Biden Officials End Ban on Abortion Referrals at Federally Funded Clinics
But Marjorie Dannenfelser, the president of the anti-abortion group Susan B. Anthony List, said in a statement Monday that the Trump rule had respected “the plain statutory language of Title X.”
“Democrats push this agenda at their own political peril,” she said.
More than 20 states had filed lawsuits against the Trump administration in hopes of overturning the rule, including California, whose suit was led by Mr. Becerra, the state’s attorney at the time.
In the spring of 2019, the Trump administration announced that it would give millions in Title X funds to an anti-abortion nonprofit organization funded by allies of the Catholic Church, the Obria Group. Critics cast the move as a way to defund medical clinics that provide abortions.
Announcing the policy reversal on Monday, the Biden administration cited last year’s Family Planning Annual Report, which showed a precipitous drop in the number of clients served by the Title X program. The report estimated that roughly two-thirds of the decrease in family planning patients between 2018 and 2020 could be attributed to the Trump rule.
Six states currently have no Title X services, and seven others have “limited Title X capacity,” the health and human services department said.
Dr. Rachel L. Levine, the assistant secretary for health, said the new rule would “allow for the Title X service network to expand in size and capacity to provide quality family planning services to more clients.” Title X grants typically go to clinics run by state and local health departments, as well as to federally qualified health centers, hospital-based sites, and other private nonprofit and community-based health clinics.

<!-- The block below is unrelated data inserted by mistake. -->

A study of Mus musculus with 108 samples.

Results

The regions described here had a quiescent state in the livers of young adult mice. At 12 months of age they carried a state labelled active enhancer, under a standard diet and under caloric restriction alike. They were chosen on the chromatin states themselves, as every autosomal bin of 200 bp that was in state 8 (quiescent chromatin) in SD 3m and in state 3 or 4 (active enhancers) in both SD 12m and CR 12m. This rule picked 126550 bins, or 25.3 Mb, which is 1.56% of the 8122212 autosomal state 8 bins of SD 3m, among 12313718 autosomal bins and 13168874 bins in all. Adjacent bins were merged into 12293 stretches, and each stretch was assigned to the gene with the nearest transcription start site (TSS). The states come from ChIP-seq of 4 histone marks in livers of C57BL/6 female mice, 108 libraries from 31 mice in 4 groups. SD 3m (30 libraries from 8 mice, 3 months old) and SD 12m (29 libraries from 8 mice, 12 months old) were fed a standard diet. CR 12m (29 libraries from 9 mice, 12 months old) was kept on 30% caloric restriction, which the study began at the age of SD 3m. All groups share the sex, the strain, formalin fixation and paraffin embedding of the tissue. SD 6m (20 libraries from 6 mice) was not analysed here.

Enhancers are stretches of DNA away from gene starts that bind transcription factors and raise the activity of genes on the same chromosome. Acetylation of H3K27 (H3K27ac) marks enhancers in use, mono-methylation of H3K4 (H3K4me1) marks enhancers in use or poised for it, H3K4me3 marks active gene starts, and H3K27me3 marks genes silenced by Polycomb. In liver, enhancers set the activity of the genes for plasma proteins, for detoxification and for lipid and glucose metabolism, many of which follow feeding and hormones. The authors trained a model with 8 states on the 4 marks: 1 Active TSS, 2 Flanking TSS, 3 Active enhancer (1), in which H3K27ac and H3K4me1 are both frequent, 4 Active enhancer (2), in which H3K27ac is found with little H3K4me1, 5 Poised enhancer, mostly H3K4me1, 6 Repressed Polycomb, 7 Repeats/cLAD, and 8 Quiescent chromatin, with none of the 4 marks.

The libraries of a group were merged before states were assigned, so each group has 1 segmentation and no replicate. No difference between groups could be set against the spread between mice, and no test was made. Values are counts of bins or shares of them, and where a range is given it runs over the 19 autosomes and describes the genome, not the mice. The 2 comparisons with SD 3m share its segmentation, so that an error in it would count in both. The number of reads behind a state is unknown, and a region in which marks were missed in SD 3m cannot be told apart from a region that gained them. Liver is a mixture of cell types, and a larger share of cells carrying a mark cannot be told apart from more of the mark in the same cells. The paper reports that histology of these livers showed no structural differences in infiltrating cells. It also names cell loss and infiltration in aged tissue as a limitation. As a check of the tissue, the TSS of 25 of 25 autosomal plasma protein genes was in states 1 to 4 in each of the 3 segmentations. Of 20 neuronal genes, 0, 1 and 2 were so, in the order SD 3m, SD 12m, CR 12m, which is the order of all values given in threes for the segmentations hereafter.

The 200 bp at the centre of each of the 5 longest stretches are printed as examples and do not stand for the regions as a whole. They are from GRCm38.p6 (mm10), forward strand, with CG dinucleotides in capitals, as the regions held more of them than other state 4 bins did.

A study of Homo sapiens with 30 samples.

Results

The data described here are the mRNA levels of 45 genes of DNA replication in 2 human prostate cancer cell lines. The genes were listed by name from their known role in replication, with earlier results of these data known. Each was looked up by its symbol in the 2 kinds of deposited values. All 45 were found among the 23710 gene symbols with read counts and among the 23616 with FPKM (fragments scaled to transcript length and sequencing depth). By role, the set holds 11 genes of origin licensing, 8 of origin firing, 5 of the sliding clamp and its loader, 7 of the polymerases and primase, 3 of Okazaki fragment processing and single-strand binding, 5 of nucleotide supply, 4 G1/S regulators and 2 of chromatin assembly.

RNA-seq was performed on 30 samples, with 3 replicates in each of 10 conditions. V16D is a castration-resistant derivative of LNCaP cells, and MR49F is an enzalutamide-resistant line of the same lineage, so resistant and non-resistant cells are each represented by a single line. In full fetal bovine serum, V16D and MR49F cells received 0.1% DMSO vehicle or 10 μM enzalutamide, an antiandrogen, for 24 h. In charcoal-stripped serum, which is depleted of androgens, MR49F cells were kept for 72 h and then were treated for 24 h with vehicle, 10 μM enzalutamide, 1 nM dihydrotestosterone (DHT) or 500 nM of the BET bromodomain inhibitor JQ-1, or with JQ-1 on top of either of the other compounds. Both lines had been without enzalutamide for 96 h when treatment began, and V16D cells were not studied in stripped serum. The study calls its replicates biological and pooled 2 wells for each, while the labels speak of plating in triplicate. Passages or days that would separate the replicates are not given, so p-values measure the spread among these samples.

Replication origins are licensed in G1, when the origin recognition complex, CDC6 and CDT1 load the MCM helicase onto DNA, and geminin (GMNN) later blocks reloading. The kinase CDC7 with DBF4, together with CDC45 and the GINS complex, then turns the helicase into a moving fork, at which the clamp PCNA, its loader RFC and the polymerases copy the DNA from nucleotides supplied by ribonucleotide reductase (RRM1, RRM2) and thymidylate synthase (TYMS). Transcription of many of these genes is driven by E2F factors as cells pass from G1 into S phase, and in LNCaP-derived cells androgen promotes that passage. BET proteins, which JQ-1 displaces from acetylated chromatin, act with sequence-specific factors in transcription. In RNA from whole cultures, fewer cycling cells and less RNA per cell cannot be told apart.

Monday’s reversal comes as the debate over abortion rights has flared up again on Capitol Hill, after the Supreme Court allowed a Texas law prohibiting most abortions after six weeks of pregnancy to take effect. With other states seeking to enact similar restrictions, and the court, now dominated by conservatives, preparing to take up a case that could overturn the 1973 decision in Roe v. Wade, Democrats are making the issue a centerpiece of their campaign strategy for next year’s midterm elections.